TUNIS, Tunisia — Tunisia’s prime minister will continue to oppose his own political party and seek to form a government of technocrats by Saturday to solve the nation’s crisis or resign, he said Thursday.
Hamadi Jebali said he will hold talks with representatives of all political parties Friday to determine whether there is sufficient support for his solution to end the crisis exacerbated by a political assassination last week. He will announce the results of the meeting the following day.
Jebali’s initiative, while supported by the opposition, puts him on a collision course with the moderate Islamist Ennahda Party, which dominates the government and insists on sticking with a Cabinet of political figures.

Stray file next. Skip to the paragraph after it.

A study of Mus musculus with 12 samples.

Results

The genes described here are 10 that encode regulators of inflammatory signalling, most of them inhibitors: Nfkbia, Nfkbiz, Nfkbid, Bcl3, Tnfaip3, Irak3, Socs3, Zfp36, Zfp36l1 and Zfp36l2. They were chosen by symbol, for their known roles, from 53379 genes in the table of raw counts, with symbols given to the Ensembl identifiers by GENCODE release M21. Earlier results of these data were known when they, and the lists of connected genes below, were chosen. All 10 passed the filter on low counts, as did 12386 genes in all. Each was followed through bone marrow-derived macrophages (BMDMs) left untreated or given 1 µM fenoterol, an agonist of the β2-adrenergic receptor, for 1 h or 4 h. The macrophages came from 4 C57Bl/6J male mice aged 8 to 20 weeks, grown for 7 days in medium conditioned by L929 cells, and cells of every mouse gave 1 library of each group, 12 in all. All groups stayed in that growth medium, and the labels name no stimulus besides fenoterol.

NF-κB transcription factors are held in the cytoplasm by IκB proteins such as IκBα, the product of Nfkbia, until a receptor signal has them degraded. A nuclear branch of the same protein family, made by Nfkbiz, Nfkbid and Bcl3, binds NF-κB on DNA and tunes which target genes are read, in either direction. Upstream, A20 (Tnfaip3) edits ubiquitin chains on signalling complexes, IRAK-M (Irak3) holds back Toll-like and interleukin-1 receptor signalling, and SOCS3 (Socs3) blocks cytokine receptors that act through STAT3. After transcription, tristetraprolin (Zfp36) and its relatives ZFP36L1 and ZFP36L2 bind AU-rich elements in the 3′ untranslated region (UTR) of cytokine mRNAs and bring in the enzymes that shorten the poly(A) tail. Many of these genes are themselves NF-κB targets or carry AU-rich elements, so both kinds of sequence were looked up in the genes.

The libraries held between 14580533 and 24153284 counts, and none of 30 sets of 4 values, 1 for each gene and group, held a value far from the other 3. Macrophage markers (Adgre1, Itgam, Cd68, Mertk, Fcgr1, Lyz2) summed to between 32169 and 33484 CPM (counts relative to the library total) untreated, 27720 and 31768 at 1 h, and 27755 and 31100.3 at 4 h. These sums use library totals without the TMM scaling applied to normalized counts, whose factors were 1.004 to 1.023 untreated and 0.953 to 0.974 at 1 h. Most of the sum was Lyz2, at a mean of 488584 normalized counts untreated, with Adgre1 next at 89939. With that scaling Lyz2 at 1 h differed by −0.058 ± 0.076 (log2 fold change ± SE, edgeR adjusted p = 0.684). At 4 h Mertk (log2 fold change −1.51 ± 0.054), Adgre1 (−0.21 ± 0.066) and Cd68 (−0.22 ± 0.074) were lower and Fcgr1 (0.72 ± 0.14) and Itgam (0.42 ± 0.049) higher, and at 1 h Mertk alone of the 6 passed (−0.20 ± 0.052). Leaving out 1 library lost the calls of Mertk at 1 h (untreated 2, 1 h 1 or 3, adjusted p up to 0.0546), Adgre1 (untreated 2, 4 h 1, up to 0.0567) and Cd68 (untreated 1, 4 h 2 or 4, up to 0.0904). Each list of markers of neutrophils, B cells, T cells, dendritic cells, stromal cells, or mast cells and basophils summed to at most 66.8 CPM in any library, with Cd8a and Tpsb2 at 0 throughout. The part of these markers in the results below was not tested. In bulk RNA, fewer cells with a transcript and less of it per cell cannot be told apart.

The two competing visions for how to resolve the country’s political deadlock are even more striking because Jebali is the secretary general of Ennahda, revealing cleavages within the party itself.
In the midst of an ongoing tussle between the governing coalition and the opposition, leftist politician Chokri Belaid was shot four times in his car at his home Feb. 6, setting off antigovernment riots. Hundreds of thousands showed up at his funeral, and the Ennahda-led administration was widely blamed for creating the violent environment that resulted in his death.
In response, Jebali called for a government of technocrats to end the transitional period by speeding up the writing of the new constitution and holding long-awaited new elections. His initiative has been warmly welcomed by civil society and the opposition.